Fri 18, Jan 2019

    News Source: Carbon®    Image Source: Fabbaloo

    Carbon®, a leading Silicon Valley-based digital manufacturing company, showed on Jan 16, 2019, the first digitally manufactured polymer parts in production for Ford Motor Company.  The parts include Ford Focus HVAC Lever Arm Service Parts, Ford F-150 Raptor Auxiliary Plugs for a niche market, and Ford Mustang GT500 Electric Parking Brake Brackets. The applications were presented by the companies jointly at the Additive Manufacturing for Automotive Workshop at the 2019 North American International Auto Show (NAIAS) in Detroit.

    Recently, Carbon and Ford have announced the opening of the Advanced Manufacturing Center in Redford, Michigan. They have now expanded their collaboration to design and produce several new digitally-manufactured, end-use parts using Carbon’s robust and reliable printers, proprietary Digital Light Synthesis™ technology, and innovative EPX (epoxy) 82 material.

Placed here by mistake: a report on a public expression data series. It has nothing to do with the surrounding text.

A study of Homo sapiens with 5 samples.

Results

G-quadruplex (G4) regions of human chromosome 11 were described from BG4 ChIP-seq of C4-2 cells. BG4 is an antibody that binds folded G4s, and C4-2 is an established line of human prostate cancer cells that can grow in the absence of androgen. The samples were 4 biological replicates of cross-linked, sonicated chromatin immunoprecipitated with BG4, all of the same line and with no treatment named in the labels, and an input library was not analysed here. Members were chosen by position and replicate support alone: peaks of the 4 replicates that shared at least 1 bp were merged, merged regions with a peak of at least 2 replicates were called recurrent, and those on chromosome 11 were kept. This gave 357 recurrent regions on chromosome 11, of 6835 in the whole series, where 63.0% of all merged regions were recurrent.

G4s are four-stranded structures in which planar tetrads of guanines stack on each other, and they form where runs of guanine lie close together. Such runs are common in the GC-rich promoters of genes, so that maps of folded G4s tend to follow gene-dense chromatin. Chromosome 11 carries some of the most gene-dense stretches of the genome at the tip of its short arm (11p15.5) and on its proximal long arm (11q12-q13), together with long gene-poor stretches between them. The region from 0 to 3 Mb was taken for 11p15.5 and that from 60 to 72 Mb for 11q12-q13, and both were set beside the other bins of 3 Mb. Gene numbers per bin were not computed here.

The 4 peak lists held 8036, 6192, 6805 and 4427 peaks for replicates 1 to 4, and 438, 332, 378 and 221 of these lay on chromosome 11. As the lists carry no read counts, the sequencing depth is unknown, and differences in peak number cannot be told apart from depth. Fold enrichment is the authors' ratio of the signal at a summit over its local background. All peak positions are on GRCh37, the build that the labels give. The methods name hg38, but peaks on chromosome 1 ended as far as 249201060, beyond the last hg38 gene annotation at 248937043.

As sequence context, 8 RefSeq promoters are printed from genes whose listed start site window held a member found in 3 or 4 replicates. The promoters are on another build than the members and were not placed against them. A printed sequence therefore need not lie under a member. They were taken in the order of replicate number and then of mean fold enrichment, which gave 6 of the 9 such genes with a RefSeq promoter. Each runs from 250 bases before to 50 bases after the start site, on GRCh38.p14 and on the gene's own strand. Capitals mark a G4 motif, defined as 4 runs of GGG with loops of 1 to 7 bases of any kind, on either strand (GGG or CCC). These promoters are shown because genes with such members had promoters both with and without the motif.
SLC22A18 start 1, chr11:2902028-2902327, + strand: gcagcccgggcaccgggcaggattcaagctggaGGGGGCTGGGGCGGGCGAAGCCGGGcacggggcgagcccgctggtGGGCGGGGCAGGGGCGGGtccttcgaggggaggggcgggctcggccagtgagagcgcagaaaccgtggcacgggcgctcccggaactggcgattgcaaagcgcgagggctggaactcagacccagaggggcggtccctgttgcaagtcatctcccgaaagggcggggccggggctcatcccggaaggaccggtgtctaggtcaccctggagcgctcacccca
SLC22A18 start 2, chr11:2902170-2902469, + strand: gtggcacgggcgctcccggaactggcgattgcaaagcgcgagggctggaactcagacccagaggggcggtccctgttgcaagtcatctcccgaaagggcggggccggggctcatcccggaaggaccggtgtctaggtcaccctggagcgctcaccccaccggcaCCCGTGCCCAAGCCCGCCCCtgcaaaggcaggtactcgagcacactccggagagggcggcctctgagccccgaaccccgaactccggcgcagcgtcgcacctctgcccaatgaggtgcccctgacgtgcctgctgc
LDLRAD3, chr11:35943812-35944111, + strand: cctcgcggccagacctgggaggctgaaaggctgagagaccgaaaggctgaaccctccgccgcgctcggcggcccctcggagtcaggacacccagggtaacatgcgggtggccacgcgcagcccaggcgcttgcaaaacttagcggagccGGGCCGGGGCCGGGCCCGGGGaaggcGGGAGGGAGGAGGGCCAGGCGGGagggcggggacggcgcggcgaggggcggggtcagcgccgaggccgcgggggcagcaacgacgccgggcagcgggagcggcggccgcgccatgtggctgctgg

According to the news, Carbon’s durable EPX 82 material proved ideal for these parts, passing Ford’s rigorous performance standards and withstanding critical requirements such as interior weathering; short- and long-term heat exposures; UV stability; fluid and chemical resistance; flammability (ISO 3795); and fogging (SAEJ1756) for the selected applications.

    “We are thrilled to be collaborating with Ford Motor Company and are excited about the many opportunities to leverage the power of digital manufacturing to deliver durable, end-use parts with similar – or better – properties as injection molded parts,” said Dr. Joseph DeSimone, CEO and Co-founder of Carbon. “The automotive industry shows significant promise for using digital fabrication at scale, and our work with Ford is a perfect example of the kind of innovation you can achieve when you design on the means of production.”

    Carbon has partnered with companies including adidas, Johnson & Johnson, and Vitamix in an effort to move beyond 3D printing to become a full-scale digital manufacturing company by creating break-through products across industry sectors, from automotive to healthcare to consumer goods.

    In November 2018, Carbon announced radical price reductions for its most widely used resins, further expanding the addressable market for large-scale digitally manufactured parts.